The pros and cons of freehold and leasehold properties

The pros and cons of freehold and leasehold properties

Did you know that there is more than one way of owning a home? The terminology around home ownership can be confusing, especially if you are a first-time buyer. One of the common mistakes when buying a home is to confuse freehold and leasehold. Most houses are freehold but some are leasehold. On the other hand, most flats are leasehold but some are freehold.


According to the UK government, freehold continues for an indefinite period of time. You do not have to pay any rent on a freehold property. You can sell it or give it away and it is the closest you can get to owning land and property absolutely. When you get freehold conveyancing quotes, they will include a check on the freehold status of the property.

What is a leasehold property?

With a leasehold property, you have a legal agreement that gives you certain rights over that property but only for a fixed period of time. The freeholder (who may be referred to as the landlord) will get ownership back at the end of the lease. Most, but not all, flats are leasehold.

When you are purchasing a property, it is important that you understand the difference between freehold and leasehold. The services of a conveyancing solicitor such as include determining which type of property you are buying.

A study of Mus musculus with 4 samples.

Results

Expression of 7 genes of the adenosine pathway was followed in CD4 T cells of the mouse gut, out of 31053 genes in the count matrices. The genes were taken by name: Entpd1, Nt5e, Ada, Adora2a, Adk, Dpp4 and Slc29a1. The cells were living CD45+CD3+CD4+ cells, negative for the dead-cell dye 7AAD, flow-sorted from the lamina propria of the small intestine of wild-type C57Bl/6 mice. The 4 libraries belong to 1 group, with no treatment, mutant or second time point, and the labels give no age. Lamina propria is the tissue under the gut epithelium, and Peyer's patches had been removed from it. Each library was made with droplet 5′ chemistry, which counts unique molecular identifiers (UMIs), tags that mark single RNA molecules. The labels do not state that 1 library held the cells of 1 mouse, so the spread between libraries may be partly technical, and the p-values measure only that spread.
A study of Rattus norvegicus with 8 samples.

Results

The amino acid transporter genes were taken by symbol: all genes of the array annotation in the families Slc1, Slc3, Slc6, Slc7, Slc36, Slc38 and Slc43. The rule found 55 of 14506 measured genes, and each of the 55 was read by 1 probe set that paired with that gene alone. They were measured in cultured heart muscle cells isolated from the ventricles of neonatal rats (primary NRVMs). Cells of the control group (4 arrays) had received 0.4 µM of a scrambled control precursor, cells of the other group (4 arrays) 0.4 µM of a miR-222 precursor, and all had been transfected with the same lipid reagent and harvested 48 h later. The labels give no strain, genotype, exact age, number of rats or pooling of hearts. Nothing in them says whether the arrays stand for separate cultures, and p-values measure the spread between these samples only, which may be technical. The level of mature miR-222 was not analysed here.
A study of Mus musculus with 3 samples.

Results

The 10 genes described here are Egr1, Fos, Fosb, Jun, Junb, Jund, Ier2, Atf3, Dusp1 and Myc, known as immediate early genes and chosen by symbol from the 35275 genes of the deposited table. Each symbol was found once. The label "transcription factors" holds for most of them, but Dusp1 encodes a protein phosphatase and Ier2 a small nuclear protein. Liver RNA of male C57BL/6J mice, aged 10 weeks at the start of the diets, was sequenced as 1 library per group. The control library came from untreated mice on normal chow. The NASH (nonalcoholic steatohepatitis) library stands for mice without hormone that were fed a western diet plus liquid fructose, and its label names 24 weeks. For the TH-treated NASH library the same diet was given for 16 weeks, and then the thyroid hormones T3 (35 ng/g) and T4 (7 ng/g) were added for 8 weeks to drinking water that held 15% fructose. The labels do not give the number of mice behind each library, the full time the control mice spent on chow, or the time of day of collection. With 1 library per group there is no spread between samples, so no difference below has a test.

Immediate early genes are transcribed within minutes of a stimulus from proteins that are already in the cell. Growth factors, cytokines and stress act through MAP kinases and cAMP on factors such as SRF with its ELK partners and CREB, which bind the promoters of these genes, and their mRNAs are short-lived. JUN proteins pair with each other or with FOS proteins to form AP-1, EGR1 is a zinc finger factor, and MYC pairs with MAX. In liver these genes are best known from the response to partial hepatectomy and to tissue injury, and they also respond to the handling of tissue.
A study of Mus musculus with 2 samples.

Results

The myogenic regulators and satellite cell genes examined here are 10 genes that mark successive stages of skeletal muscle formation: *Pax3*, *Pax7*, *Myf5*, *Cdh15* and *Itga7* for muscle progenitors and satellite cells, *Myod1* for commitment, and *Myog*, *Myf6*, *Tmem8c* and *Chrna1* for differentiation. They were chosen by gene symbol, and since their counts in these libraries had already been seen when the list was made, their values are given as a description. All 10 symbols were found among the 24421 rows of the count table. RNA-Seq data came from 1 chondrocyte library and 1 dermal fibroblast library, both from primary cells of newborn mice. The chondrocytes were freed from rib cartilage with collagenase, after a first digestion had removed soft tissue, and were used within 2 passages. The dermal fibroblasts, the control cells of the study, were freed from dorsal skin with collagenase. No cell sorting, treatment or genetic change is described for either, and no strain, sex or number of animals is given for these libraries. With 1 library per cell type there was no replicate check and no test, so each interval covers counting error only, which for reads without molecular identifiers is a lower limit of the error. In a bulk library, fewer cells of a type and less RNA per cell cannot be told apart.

What are the pros and cons of freehold properties?

Freehold properties are owned completely by you. This means that you do not need consent to carry out alterations, provided you comply with planning and building control legislation. You will not have to pay admin fees to a landlord and will own the property indefinitely or until you sell it.

The downside of this is that you have to pay for all of the repairs and maintenance. Also, freehold properties tend to be more expensive.

What are the pros and cons of leasehold properties?

The advantage of a leasehold property is that you are not responsible for maintaining the building and communal areas. They are usually cheaper than freehold properties and give you the chance to get a foot on the property ladder.